Tailor your Resume for Impact
To many people, tailoring a resume for each application sounds like a tedious, unnecessary step. I guess we're hoping it's not required, since it makes a long process even longer. And while it might be tempting to go for that easier, quicker solution, small details can make a big difference when only 2%-5% of candidates get an interview (yes, that's about average). In other words, it's part of the few things you actually control which can improve your chances. Other such elements are including a cover letter, and sending thank you notes throughout your job search.
3 steps to tailoring your resume
While I often repeat that accomplishments are the most critical aspect of your resume, some smaller details will also make an impact when comparing candidates. After all, they do look awfully similar sometimes. And in my view, the competition is so fierce that it's better to send 15 applications that are tailored, instead of 30 with a "spray-and-pray" approach.
1. Keyword matching
If you're applying through a job ad, the first thing you should do is carefully read the job application. What are the keywords they're looking for? What are the criteria? If you don't meet at least 75% of the criteria, don't even bother. You'll be wasting everyone's time.
Include a couple of keywords from the job ad on your resume. Also, make sure that everything they're looking for is clearly spelled out. If they're looking for Word and Excel skills, saying you're amazing with the MS Office Suite doesn't work. A software that crunches your resume might not make the connection! Yes, it's silly. But we have to deal with the job application process and adapt to its weird logic. That's how your resume will work its way through the funnel, while others will be discarded.
That is especially true if you're applying to a larger organization where they most likely have an applicant tracking system (ATS) which will scan your resume for keywords and basic criteria before anyone takes a look.
If your resume will be handed directly through a connection of yours, you should still try to tailor it. If there's no job ad, your contact might give you a few pointers.
2. Speak their language
The next step is to adapt your resume and "translate" it, by using examples and a language that makes sense to your readers. For example, if you have a less common title, such as change management director, proposal writer or clinical ethicist, most people won't have a clear picture of your daily tasks or the value you could bring to their company. Some of the things which are obvious to you will be quite obscure for a potential employer. But they're already sifting through hundreds of resumes. They don't have the time to guess if you might succeed in the job they're trying to fill! You have to make sure that they get it. That's why you do some "translation".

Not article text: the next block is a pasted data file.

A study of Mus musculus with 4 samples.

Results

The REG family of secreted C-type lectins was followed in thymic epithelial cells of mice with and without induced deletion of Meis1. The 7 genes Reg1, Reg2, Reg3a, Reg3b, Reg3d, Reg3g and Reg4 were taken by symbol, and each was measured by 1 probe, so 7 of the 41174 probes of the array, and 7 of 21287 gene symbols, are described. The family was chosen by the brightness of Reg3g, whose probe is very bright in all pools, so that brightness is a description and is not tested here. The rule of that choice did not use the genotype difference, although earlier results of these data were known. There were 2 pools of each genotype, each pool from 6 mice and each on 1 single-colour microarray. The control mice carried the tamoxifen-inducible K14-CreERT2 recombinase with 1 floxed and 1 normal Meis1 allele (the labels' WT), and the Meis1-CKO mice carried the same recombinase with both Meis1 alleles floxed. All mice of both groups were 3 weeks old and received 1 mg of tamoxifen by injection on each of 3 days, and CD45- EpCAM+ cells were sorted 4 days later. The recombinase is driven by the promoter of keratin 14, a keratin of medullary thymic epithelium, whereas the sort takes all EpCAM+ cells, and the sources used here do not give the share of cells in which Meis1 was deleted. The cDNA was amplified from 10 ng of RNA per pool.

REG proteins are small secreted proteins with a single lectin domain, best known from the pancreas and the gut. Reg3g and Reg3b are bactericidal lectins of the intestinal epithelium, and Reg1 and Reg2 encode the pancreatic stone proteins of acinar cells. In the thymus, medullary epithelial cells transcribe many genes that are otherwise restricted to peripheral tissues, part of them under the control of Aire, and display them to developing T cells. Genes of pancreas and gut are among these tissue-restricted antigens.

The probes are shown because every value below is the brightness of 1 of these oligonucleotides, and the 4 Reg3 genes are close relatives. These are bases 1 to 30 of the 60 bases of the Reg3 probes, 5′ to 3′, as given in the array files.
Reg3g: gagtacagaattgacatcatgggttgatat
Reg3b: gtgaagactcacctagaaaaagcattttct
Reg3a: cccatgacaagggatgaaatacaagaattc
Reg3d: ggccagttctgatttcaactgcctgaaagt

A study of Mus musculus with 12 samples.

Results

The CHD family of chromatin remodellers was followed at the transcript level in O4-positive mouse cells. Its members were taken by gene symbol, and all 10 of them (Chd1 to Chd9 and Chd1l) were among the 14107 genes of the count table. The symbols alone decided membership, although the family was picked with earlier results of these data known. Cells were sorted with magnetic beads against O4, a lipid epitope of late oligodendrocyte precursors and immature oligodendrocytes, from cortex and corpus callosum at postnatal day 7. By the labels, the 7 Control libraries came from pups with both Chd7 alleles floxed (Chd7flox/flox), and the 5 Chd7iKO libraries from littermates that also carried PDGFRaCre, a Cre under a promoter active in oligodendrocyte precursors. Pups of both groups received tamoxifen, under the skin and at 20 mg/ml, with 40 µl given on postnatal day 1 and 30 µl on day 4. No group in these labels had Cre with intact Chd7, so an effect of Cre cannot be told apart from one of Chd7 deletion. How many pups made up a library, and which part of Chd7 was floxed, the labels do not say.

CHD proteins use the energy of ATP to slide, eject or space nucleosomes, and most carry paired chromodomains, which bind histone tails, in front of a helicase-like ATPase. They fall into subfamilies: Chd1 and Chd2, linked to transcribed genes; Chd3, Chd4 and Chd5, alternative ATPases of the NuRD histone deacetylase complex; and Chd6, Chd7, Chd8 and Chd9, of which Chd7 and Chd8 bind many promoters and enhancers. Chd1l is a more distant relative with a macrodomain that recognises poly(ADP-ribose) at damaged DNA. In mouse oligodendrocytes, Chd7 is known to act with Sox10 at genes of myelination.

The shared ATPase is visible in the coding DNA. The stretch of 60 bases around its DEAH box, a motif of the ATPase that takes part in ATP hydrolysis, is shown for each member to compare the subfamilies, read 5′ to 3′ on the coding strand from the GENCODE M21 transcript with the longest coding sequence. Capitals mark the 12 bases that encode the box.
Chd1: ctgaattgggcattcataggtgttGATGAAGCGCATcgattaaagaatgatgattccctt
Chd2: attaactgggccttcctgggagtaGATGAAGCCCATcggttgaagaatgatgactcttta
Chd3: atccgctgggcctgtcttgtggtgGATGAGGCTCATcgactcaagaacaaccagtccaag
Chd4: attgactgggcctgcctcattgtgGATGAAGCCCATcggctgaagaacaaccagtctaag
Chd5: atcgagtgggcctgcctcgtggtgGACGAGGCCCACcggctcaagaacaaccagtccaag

A good way to do that is to explain it with words that a smart 12 year old would understand. For example, I recently helped someone who wanted to leave the pharmaceutical sector for a job with a non-profit. We replaced words like "business" and "operations" by "organization" and "activities," which are part of the language of the non-profit world. Additionally, a lot of the technical stuff was simply removed, because it just made her look out of place. So we left it out.
On the other hand, what remained was that she solved problems, she saved money here and there, and she helped her organization do things that had never been done before. Everyone gets that! (These elements are called "benefits", and they're a critical component of resume accomplishments.)
3. Adapt your summary (the intro/bio)
Our final idea is to tailor the first part of your resume, the summary. Your resume summary has the specific purpose of highlighting your best punches in 10 seconds. Because that's the amount of time most HR pros give a resume on a first pass. Hopefully, you already have a strong summary to work from. Once you've got that as a foundation, it's very easy to customize it. One very effective tactic is to make sure that one or two bullets of your summary present your very best accomplishments for this job opportunity.
Practice makes perfect
So that's it! It might seem like a lot of work at first, but once you get the hang of it, it won't take too long. And after a few times, you'll realize you can save time by using a previously tailored resume, instead of starting from the original file all the time.
The tricks you've learned here will help your resume make its way down the job application funnel. It does take a lot of discipline to do all the steps well without cutting corners. And that's precisely what you should do. (You can do this.)
It's hard to blindly send resumes and never know where you end up. Are you getting close to an interview or were you dead last? Having no feedback can get very discouraging. But a common complaint of recruitment pros is that they often receive generic resumes. And those get discarded very quickly. Learn to dance the dance and you will get more interviews. Tailoring your resume is a great step to include in your routine.